So as I mentioned earlier, I keep getting reminded how much Lewis & Clarke sneak up on me and just captivate me. Once again, they do so.
Late last year I had a bit of back and forth with Lou Rogai about putting a post together. Things got busy for both of us, L&C was getting ready to put out another release and it got away from us. I thought I would get this out there along with a great track from their stellar “live at WPRB” EP from a few years back. That particular release which provoked my renewed interest was originally a “live only vinyl” but is readily available via online digital stores/label website and is a must have for Slowcouticals.
Well onto the interview. Honestly to call the below an interview might be a stretch, but see below for a few questions with Lou Rogai of Lewis & Clarke.
~ With your sound it seems so complete and whole with the vocals, harmony and music – do you work out a song all at once (combining the 3 aspects) or do you have a sound that you feed lyrics to or Lyrics that need a soundtrack?
I wish there was a formula like this, because I would be churning out the buttery jams at a rapid pace. There’s no real method, though. It’s all so random. The ingredients are random bits. Sometimes I am humming a tune while walking, or doing dishes. Sometimes it’s a guitar line I stumble upon while spacing out on my porch late at night. There are always paper scraps in my notebook with little poems or lyrical ideas. These things somehow always attract each other, and I am there to help them along, the ideas I mean. It’s all bits that are meant to be together, I like to think of it that way. I don’t have the time or discipline to sit down and say “Ok, it’s songwriting time, this one’s going to have a 3/4 tempo and it’s lyrical theme shall be mystically obtuse”.
~ How did the “Perfect As Cats: A Tribute to The Cure” come about – and why did you select (or did you select?) the utterly amazing “Disintegration” as your cover?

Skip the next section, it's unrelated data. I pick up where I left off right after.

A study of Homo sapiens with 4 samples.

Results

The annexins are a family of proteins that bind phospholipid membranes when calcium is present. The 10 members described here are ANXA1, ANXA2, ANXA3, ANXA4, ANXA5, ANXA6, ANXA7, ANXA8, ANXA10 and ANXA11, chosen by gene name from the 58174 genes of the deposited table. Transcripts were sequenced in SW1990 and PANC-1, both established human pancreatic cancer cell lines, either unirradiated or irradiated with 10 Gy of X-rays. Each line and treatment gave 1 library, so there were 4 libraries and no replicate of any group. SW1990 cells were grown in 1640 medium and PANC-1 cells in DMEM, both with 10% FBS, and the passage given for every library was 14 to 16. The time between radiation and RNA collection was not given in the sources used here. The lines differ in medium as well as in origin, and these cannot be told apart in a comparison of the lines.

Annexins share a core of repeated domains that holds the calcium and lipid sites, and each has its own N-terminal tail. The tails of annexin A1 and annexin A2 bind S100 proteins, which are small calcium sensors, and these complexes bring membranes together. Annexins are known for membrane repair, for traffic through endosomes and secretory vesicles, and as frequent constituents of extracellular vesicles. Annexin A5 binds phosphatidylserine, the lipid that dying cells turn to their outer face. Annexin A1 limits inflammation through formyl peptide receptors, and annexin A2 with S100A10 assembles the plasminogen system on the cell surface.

Paul from Manimal Vinyl was the mastermind behind the album, and I immediately secured that song when he asked me to contribute. It’s a undertaking, but it was obviously mirroring exactly what was going on for me personally last summer. And that track has haunted me for years. I ordered Disintegration through the CD mail order club I belonged to when I was a kid. Some older Goth gals (Thanks Jenn and Deanna, wherever you are!) had made a mix for me with early Cure that I loved. That whole album affected me, especially that song. I used to light candles and lay in the dark with headphones for that one. The breaking glass in the intro, and the repetition, I felt like I had a kindred understanding of what Robert Smith was feeling, stuck on some sort of spinning wheel and displaying intense emotional weirdness, although most of the subject matter I would not relate to in a deeper way until much later.
~ You mention new album, what is the story, date, tracklist, departure from “Blasts..” or “Bare Bones…” or continuation? New projects, do tell???
Light Time (which is a 12″ vinyl EP) has just seen the light of day, and I am now working on material for a new full length. Some of Light Time’s tracks could have been included in the upcoming batch, but it seemed that they were framed by a certain time period, and with just reason. They fit a vibe all of their own. I am most recently creating sounds with Karen Codd (cello), brothers Ian and Shane O’hara (double bass and drums), and of course Tom Asselin (atmospherics). Each player is contributing their own unique stylings. We’ll be touring the US with Caroline Weeks this summer, starting July 24.
So, there you have it, a little insight to a few projects and on how the sounds are created and eventually shared with us all. Speaking of sharing, after checking out the track below, head over to the label La Société Expéditionnaire to pick up an album, it is well worth it. If you must start somewhere, the Live EP is great, but don’t miss out on “Blasts of Holy Birth” and “Bare Bones and Branches” full lengths.